June 28, 2012

I came across a couple of things on the web that I had missed when they first appeared.  These were the reports from the Property Appraiser’s office in Broward and Miami-Dade that indicate that on average property values for 2012 in both counties showed an increase—albeit slight—over the previous year for the first time since 2007.

The first item was this article in the Sun-Sentinel, which reported that county-wide Broward real estate values had increased by 1.2%.

That got me looking for a similar report for Miami-Dade, and I found it here.  The increase for Miami-Dade was 1.48%.   The table showing the breakdown by municipality can be found here.

Of course, it still remains to be seen if this is really the harbinger of an upswing in property values and the end of the disastrous slump that began with the Great Recession in 2007.  But the figures are good news for governments whose revenues depend on taxable values and for people who have seen the value of the homes plummet to frightening levels.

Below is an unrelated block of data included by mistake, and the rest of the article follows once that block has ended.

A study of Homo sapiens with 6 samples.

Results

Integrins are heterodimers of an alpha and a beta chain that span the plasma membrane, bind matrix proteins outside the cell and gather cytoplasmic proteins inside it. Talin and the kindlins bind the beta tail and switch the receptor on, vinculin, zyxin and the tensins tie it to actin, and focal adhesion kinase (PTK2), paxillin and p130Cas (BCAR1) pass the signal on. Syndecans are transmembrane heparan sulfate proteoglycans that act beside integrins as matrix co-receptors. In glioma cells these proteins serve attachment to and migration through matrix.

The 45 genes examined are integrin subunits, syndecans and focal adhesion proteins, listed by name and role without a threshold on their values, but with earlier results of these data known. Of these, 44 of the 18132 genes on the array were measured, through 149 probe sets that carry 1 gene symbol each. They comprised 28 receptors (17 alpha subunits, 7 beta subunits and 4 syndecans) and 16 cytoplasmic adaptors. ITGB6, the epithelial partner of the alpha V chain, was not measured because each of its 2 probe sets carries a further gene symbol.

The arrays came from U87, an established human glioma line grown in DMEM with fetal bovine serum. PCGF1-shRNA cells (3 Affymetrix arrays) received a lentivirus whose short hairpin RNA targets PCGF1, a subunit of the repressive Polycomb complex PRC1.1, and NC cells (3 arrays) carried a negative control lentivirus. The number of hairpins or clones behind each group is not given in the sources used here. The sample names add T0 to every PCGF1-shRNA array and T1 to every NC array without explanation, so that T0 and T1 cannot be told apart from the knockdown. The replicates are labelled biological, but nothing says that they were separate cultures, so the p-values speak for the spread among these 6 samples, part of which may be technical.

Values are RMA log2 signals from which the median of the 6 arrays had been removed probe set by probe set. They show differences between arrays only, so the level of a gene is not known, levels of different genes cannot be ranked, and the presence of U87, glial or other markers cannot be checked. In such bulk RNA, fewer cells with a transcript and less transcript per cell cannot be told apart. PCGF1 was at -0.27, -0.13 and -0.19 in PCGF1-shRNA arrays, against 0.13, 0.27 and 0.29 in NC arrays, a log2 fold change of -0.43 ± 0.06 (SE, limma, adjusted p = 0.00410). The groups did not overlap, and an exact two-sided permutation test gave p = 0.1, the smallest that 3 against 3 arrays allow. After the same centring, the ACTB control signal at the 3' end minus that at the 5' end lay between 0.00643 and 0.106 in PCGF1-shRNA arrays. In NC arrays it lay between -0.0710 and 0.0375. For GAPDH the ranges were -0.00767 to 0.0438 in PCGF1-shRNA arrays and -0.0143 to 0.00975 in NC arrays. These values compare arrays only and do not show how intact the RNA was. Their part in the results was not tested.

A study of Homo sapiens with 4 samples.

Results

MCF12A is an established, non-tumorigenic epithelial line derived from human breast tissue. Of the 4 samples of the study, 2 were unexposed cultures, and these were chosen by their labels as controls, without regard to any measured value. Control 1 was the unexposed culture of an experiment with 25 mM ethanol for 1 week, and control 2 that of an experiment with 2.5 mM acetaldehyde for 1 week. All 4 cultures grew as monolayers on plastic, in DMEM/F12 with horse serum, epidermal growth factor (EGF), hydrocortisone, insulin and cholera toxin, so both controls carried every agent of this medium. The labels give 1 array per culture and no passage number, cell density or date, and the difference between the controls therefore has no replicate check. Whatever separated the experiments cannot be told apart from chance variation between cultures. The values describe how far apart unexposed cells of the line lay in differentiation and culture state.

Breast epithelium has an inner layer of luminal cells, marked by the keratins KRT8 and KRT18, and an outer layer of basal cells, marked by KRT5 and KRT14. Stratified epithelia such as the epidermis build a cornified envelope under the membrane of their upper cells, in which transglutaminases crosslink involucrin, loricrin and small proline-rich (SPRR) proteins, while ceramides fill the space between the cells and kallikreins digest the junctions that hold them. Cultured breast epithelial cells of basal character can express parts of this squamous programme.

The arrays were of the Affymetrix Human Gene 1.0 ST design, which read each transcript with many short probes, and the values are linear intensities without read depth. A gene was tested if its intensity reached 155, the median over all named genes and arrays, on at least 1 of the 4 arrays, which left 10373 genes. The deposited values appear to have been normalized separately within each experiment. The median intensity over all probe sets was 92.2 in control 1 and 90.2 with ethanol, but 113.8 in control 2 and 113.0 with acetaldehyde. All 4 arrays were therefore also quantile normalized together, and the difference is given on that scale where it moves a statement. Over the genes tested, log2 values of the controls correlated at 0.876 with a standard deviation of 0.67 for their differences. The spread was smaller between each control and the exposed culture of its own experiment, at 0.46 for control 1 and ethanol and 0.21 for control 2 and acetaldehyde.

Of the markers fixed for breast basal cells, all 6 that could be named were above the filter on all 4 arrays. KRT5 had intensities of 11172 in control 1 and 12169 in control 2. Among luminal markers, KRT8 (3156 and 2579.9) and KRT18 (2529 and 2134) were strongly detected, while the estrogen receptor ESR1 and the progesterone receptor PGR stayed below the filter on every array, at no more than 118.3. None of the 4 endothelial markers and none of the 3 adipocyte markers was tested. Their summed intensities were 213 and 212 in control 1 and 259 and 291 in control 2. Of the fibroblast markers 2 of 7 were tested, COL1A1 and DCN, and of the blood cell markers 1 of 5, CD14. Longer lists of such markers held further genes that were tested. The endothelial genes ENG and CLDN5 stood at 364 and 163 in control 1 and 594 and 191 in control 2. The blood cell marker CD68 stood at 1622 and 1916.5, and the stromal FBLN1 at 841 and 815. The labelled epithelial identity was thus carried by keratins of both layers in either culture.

As always, the gains are not distributed evenly and some municipalities in both counties show continued losses.  In general, the increases show up in more affluent areas.  Some actually show astounding increases, but these are basically statistical flukes because the entities are so small that a large new development or a few high-ticket sales can skew the data.  Both the cities of Miami and Fort Lauderdale showed modest gains.

The locations showing continued losses are areas that have been particularly hard-hit by foreclosures such as Homestead, Opa-Locka, and Florida City in Miami-Dade and Lazy Lakes, North Lauderdale, Lauderdale Lakes, and Tamarac in Broward.  The inventory of distressed properties makes a upturn in these markets a more distant prospect.

In any case, this represents a glimmer of hope the real estate market has finally turned the corner.